Aysedasi's Le Mans


Page 8 - Sunday 16th June - The Night


The whole team came back to the circuit for an hour or so, before they all departed for Le Cheval Blanc at Le Grand-Lucé, and a few hours sleep.  I was determined not to miss another minute of the race and quickly set to with my camera and flashgun.   After the abject disappointment in 1995 when my flashgun broke after about 6 or 7 shots, I had decided to take a lot of flash pictures this year.  I suppose I should have known better.  From the poor results obtained in just a few shots last year, I should have realised that the flashgun simply wasn't powerful enough to reach through the debris fencing, to properly illuminate the cars.   I said afterwards to the others, that I would either have 50 great shots of the cars, or 50 great shots of the debris fencing.  Sadly, the latter proved to be the case.  I've included a few of the better shots (you wouldn't believe it!) just for the sake of completeness.  


As always, I enjoyed the night enormously.  The solitude doesn't bother me at all, not being much of a social animal anyway.  It is without question, one of the highlights of the weekend, when I can go where I like and do what I like without having to concern myself with keeping up with or looking for others.  Having been to Le Mans now eleven times, I know the spectator areas very well, and always feel confident in these circumstances.   My game plan was very similar to years past.  I spent quite a bit of time on the outside of the Esses, before wandering down to Tertre Rouge.  I went underneath the circuit there and took a couple of shots of the new Bar Le Tertre Rouge, which has sadly replaced the famous Café du Tertre Rouge on the outside of the corner.   After this, I spent a short while on the inside of the circuit on the small hillock at the bottom of the Esses, before walking back to the outside of the track and up the hill to the Dunlop Bridge.  Being more confident about my flash shots (far too optimistic, unfortunately...), I didn't take many of the standard light-trail pictures this year.  If I go to Le Mans in 1997, I shall have to make a decision.  Either I purchase a more powerful flashgun, or I concentrate on light-trails, its as simple as that!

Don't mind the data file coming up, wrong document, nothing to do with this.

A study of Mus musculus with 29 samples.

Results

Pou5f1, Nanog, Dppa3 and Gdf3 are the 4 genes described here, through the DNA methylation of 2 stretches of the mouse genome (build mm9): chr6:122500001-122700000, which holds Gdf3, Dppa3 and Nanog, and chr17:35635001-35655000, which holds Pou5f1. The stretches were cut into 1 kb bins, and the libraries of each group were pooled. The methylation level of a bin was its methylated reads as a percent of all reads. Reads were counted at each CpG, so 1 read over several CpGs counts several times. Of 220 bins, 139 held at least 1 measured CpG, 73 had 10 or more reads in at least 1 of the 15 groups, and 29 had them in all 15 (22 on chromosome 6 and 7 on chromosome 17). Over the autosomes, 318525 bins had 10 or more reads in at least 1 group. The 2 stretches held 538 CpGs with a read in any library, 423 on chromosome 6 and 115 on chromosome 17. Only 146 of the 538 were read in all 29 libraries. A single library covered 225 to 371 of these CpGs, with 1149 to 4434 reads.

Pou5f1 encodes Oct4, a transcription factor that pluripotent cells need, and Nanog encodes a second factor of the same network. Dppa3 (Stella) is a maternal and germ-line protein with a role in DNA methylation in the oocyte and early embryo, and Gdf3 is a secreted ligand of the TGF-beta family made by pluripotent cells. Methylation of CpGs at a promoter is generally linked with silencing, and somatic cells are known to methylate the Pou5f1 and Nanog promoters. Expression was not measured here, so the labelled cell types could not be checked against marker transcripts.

I spent quite a bit of time in front of the pits, waiting for a pit stop for the Lister Storm, and then headed out to the Porsche Curves.  Unfortunately, the fencing which had been broken down there in 1995 had been permanently replaced and it wasn't possible for me to make the illicit journey out to the concrete retaining wall which I had made in 1995.   It would be fair to say that by this time (about 4.00 am), I was feeling pretty tired.  I remembered that in the heat of 1994 I had struggled very badly on the Sunday, both in terms of stamina and just staying awake.  I'd put the fact that I felt better in 1995 down to the cool damp weather.  In 1996 the weather remained gloriously warm throughout the entire weekend (although it did get a bit cooler during the early hours of the morning), so I was a bit concerned about how I was likely to feel later in the day.  The time came when I had to stop and take a rest (taking some more highly unsuccessful flash shots) at the Ford Chicane.  


I finally made my way back (slowly!) to the main spectator area, and took more pictures at the Dunlop Chicane.  In some ways, it is funny how one's perception changes.  Over the years, I've discarded many photographs of racing cars, taken both at Le Mans and in this country, where to me the shot was spoiled by being out of focus or blurred.  Now I keep them as good, arty examples of photography of cars at speed, having seen so many similar shots in the motor racing press over the years!  Some of the pictures which I took at this time of the morning certainly fell into this category, and I will let you be the judge of whether they are good or bad!   

I did, however, find an excellent vantage point for some photographs just after the dawn (5.30 am?).  I was on the Dunlop Bridge, facing the chicane, where it was possible to actually rest the end of the zoom lens through the holes in the fencing, and thus take pictures of the cars, not only without the fencing in the way, but with the camera steadied by the support of the fencing.  I got some good pictures at this time and was able to make use of my 6-point star filter to take a number of shots highlighting the headlights of the cars as they came through.    I'd stopped on a number of occasions for small cups of very strong coffee, and did so again at a stall near to the Dunlop Chicane.  It is worthy of mention that in 1996, the ACO had now franchised the catering operation at Le Mans.  There were still a number of the bigger traditional stalls behind the tribunes, but most were now set out exactly the same, with a set price list applied all around the circuit.  Although, in financial terms, this was probably better for the punter, as far as the colour and atmosphere which is always generated by the stalls, I did think that something had been lost.